Friday, August 29, 2014

Everyday Heroes

"Life's most persistent and urgent question is, "What are you doing for others?" ~ Martin Luther King Jr.

What is a hero
Do they wear a uniform? 
Do they save lives? 
Are they well known by everyone?

These are some of the questions we discussed in the last couple of weeks in my 4th grade classroom. Our Heroes reading unit allows us to explore the concept of heroes by reading and learning about heroes of the past as well as everyday heroes. It also gives us the opportunity to realize that heroes can come in many shapes and forms ..... even children like us.

Today that became a reality.

For the last several years, the 4th grade classes have taken our first annual field trip to Meals from the Heartland. It is an event held each August at HyVee Hall in Des Moines, Iowa. The non-profit organization packages meals that are given to the hungry - not only locally but across our country and to countries all over the world.

Hairnets, gloves, and a LOT of smiles = children making a difference

The field trip is a way for us to have a great team-building activity as a class as well as a common experience doing something for others and making a difference in their lives.

You might think that nine year-olds would complain about repeating a task over and over again while standing in one place for two straight hours. But you would be wrong -- I didn't hear a single complaint today. We cheered when completing a full box of bags, had a few little dance breaks while listening to the music overhead, and helped each other by switching tasks or stepping in when someone needed assistance with their task. It was a great learning opportunity and an "ideal classroom" experience.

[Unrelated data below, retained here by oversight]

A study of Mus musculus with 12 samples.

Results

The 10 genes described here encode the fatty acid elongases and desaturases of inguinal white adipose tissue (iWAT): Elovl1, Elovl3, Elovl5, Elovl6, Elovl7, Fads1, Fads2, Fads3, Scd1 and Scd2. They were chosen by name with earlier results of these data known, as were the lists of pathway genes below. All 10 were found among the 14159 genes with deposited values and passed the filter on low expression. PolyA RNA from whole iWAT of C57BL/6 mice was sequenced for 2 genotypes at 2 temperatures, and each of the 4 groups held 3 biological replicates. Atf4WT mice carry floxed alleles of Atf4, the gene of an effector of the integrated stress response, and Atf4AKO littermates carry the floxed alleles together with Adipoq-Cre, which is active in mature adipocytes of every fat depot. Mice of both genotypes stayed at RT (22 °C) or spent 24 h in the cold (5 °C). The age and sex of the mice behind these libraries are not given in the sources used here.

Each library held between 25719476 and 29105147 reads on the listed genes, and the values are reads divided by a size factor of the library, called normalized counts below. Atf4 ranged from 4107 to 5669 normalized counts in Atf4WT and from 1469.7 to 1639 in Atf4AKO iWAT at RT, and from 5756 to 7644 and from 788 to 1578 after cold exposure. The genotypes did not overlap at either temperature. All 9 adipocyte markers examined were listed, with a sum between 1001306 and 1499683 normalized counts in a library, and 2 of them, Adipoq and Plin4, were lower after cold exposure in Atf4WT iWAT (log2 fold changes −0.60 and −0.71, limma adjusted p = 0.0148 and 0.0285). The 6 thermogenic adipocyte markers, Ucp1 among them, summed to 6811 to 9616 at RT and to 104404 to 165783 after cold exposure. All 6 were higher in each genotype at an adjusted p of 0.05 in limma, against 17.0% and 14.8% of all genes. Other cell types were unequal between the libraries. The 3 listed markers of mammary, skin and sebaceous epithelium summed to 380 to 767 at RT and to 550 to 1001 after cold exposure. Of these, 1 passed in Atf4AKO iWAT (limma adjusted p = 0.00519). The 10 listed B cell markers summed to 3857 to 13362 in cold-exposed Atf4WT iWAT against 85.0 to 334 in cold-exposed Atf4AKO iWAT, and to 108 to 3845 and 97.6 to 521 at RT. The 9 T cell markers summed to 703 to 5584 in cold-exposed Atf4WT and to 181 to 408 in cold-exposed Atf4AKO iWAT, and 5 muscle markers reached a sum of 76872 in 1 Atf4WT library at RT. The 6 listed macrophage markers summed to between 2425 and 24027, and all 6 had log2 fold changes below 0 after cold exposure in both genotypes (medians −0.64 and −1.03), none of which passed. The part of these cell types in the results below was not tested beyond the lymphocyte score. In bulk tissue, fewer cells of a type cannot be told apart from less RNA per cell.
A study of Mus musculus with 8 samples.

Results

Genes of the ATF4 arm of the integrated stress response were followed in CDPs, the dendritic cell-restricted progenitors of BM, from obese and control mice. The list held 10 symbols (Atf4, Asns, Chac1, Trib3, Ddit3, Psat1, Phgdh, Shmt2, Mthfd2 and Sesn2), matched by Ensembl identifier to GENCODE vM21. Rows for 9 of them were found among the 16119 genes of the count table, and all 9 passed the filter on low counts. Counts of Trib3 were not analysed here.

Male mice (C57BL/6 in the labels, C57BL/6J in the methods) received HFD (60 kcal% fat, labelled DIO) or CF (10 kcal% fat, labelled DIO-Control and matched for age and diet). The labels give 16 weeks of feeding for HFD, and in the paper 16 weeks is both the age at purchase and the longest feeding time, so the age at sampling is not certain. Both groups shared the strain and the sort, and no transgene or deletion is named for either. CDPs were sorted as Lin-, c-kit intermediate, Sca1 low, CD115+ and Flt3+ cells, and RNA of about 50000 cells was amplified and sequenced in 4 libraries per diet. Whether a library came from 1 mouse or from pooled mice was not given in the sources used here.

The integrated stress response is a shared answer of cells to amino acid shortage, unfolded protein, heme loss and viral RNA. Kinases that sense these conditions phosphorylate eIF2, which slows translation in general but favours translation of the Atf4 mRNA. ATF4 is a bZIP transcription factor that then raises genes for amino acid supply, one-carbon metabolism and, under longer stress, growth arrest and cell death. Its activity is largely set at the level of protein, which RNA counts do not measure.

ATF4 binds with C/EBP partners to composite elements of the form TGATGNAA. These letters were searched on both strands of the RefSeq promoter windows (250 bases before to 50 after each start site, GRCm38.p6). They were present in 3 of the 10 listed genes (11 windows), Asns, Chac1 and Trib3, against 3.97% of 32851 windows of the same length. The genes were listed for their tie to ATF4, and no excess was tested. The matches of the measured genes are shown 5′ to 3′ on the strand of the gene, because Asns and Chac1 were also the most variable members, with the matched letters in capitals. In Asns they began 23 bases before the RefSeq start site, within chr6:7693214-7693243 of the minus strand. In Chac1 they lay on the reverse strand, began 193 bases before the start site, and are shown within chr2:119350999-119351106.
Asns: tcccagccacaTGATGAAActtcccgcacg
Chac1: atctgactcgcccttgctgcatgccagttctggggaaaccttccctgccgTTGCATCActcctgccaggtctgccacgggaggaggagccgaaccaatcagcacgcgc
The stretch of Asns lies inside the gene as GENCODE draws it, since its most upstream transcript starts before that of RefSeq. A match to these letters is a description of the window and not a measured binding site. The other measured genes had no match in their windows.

These were some of the comments I overheard today from my students:

"This is so fun!"

"Why are we only here for two hours? I wish we could stay longer."

"We are helping so many people."

"I want to come back with my family."

"Come on, guys, let's go faster - we can fill more boxes!"

"I'll help you carry the box."

"We are like heroes today."

I wish I could take the smiles, the positive attitudes, and helpful hearts that I witnessed today and bottle them up for those days that we feel less than our best. 

We are so blessed. Sometimes we just need a reminder that we truly can be everyday heroes for others -- even if there are no thank-you's and we never meet the people who receive these meals and consider us heroes.


  1. Love this post, Jen. If only we could bottle up the good stuff. We all have our moments where we doubt ourselves. Thanks for sharing the great things you are doing in your class!

  2. What a great activity Jennifer. Thank you to you, Kendra, and Julie for organizing the activity and showing students what a wonderful thing it is to help others. I received a call from one of the volunteers telling me how proud she was of our students with their behavior and the committed they had for the activity.

  3. What lucky children you have in your room -- and what a beautiful concept to have them experience. Every day we make choices to be a hero or not, and it sounds like you're creating a community of heroes. I wear a red (quite faded) bracelet to remind me on a daily basis to "be someone's hero." This was a gift that accompanied the book One for the Murphys. You may enjoy reading it with your students. Well done, Jen!

  4. What a fabulous experience for your students! You have inspired me to search for a similar experience for my class. Thank you!